When I am agitated, prayer soothes me. When I’m feeling down and weak, it empowers me. Prayer can be a warm cup of tea for the soul, a map for the mind, or a tool for the heart. Other times, it’s a rambunctious parade filled with people of all shapes and sizes with costume wings strapped to their backs, singing and dancing and throwing confetti out in the air while the band – composed of hundreds of different instruments – plays and dances and giggles to the same tune, parading throughout the streets, stopping traffic while handing out big red balloons that have things like “isn’t this great!?” and “all you need is love” hand-written in glitter on them.
If the spiritual world is an infinite one, then there must be an incredible variety of ways to express our spiritual selves, to pray, to interpret the knowledge available to us through the Holy Writings. And if this mortal plane reflects the eternal realm, then everything around us can serve as a tool to extol and further understand the Divine.
About a decade ago now, a friend of mine explained to me his understanding that everything in this world had a spiritual significance. This concept had a huge impact on me. Since that conversation, I’ve tried to see the spiritual significance in everything; in my actions, in the trials and victories of the world, in the books I read… I did everything to connect and compare my thoughts and actions to nature and art and history and the Holy Writings; gauging everything that would happen around me against this one question: what is the spiritual significance?
I made it my life’s mission to find that significance — sometimes to a fault, other times to no avail, but at least I always made the effort. Fathoming the scope of this life-long task sometimes feels more like a never-ending volume of “Where’s Waldo”… but maybe that’s the whole idea.
With time, I learned to accept that even though I could not understand the universe and control the outcomes of others, I could at least do my best to find the spiritual significance of my own actions and thoughts. And I wanted to put this idea into action with music:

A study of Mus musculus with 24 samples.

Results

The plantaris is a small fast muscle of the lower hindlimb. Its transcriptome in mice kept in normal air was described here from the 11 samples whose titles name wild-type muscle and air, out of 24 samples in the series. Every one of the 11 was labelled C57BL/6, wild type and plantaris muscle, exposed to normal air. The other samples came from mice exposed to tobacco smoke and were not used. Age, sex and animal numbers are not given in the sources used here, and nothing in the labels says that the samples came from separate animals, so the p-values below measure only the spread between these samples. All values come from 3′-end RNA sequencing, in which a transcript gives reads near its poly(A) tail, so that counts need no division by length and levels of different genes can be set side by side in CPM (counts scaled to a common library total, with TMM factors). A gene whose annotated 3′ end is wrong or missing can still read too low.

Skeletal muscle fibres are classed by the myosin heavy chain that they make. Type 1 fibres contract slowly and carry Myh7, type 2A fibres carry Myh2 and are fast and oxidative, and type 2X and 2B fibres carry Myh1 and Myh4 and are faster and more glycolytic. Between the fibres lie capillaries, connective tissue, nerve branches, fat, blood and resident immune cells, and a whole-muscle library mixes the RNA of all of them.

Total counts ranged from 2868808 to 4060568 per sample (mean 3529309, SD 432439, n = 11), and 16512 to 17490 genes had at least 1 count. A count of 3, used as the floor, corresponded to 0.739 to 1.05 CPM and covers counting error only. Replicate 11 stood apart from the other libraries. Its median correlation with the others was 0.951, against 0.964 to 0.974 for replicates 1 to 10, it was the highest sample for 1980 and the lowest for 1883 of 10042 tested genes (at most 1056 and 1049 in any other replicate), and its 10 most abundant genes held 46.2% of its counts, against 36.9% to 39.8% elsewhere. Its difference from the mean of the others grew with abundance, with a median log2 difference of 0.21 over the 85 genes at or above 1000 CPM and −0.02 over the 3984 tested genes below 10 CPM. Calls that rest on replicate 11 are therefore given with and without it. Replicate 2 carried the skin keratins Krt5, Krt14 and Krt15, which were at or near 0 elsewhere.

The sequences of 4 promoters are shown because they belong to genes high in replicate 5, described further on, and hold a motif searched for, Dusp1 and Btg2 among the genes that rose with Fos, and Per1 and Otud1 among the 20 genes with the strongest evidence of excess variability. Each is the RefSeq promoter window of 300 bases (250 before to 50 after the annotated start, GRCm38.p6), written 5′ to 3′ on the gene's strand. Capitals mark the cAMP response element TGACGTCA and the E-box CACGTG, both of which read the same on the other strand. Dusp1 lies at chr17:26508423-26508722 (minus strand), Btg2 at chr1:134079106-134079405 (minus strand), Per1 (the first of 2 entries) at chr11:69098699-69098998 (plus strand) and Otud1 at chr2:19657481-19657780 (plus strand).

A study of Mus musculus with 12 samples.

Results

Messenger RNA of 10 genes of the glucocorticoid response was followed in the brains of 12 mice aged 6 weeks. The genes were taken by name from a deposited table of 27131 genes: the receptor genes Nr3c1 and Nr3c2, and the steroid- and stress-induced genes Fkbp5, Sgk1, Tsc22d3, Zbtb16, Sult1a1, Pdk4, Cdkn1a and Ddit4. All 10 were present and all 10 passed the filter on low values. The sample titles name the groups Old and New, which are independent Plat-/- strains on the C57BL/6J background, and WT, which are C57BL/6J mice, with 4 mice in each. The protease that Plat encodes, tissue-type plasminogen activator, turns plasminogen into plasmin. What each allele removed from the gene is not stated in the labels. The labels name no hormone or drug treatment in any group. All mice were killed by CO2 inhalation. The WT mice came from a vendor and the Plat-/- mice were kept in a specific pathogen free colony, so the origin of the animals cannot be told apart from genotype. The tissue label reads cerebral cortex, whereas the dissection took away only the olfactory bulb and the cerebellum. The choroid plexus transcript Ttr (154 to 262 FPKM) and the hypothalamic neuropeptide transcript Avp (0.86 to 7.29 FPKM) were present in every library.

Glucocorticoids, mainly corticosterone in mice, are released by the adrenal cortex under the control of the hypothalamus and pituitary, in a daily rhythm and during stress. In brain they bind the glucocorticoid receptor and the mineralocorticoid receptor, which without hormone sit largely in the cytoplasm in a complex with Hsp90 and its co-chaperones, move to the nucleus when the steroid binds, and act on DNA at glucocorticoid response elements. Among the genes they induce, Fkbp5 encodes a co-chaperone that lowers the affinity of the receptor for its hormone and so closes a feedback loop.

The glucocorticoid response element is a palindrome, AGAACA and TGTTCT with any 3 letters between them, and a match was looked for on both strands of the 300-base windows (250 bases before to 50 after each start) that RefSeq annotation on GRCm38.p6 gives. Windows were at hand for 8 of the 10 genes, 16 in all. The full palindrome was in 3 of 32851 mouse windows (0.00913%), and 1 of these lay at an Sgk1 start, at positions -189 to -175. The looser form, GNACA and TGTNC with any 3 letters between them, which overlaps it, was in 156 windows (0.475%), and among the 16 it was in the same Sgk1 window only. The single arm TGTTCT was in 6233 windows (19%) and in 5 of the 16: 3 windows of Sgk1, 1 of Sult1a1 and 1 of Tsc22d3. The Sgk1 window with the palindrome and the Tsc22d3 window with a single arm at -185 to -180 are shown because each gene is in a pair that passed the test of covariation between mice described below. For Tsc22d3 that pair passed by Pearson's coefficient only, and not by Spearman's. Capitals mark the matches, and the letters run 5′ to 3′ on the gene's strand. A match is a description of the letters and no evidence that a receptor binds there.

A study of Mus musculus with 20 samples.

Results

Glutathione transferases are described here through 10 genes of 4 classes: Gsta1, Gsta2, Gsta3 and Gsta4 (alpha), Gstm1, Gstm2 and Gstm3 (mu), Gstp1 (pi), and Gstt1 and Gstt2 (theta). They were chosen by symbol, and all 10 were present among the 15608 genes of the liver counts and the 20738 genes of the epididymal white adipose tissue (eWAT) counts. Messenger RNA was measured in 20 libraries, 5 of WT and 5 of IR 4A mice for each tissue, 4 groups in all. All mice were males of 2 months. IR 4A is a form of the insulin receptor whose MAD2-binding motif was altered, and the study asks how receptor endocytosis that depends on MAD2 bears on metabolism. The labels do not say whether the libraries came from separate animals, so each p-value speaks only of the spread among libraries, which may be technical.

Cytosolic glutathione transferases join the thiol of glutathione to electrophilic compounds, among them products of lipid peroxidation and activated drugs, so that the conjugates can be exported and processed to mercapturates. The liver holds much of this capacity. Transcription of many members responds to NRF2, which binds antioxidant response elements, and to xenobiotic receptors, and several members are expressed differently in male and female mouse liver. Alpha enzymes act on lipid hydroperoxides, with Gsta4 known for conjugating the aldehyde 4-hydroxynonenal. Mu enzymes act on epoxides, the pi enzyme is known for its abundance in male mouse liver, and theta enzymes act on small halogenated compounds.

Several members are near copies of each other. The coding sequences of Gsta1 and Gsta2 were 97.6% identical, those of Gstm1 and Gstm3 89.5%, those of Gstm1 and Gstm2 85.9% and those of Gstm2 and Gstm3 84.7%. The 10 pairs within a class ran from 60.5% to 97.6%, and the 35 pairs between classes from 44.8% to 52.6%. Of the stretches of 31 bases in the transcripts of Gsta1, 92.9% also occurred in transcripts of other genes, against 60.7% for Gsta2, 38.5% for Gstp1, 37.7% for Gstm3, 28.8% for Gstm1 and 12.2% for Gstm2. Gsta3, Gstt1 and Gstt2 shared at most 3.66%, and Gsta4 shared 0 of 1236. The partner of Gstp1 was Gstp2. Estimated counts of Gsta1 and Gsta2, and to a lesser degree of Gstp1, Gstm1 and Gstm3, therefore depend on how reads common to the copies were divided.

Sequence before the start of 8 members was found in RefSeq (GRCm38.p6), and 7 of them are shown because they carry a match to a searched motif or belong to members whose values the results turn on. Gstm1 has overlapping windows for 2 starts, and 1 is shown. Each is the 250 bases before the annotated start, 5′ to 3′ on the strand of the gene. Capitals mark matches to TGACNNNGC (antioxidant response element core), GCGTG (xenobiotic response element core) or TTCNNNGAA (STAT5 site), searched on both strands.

Intone, O My servant, the verses of God that have been received by thee, as intoned by them who have drawn nigh unto Him, that the sweetness of thy melody may kindle thine own soul, and attract the hearts of all men. Whoso reciteth, in the privacy of his chamber, the verses revealed by God, the scattering angels of the Almighty shall scatter abroad the fragrance of the words uttered by his mouth, and shall cause the heart of every righteous man to throb. – Baha’u’llah, Gleanings from the Writings of Baha’u’llah, p. 295.
I not only wanted to find and sing the spiritual significance of this Holy Verse, but I also wanted to reflect on its potency as clearly as I could.
At first, I wasn’t sure how I was going to do this — but I knew how this quote made me feel. So I started with that feeling. I knew for a fact that I felt light and playful when I read it, so I ran with it… I ran with it so fast that I didn’t even really have time to think about how my light and bouncy song would even be received by the listener. And frankly, it didn’t matter, because all I really did was listen to the quote and sing its song back to it. I found the places it reached for in my heart and fell in without hesitation. The trumpets, the glockenspiel, the horns, the piano, the guitar, the harmonies… they all seemed significant and important to the sharing of this wonderful quote!
The more I sang the melody back to it, the more I loved where it took me — out of the box, out of the pre-conceived notions of devotional music, out of the staid western conventions of what we think reverence looks like. I felt strongly that this music did not come from me, so this could only be the right song. I truly believed it then, and I still believe it now.
The music needed to be significant. The joy, the energy, the sweetness of that melody needed to be reflected through the mirror of my heart and guitar strings. Because who doesn’t need a little joyous confetti in their life once in a while?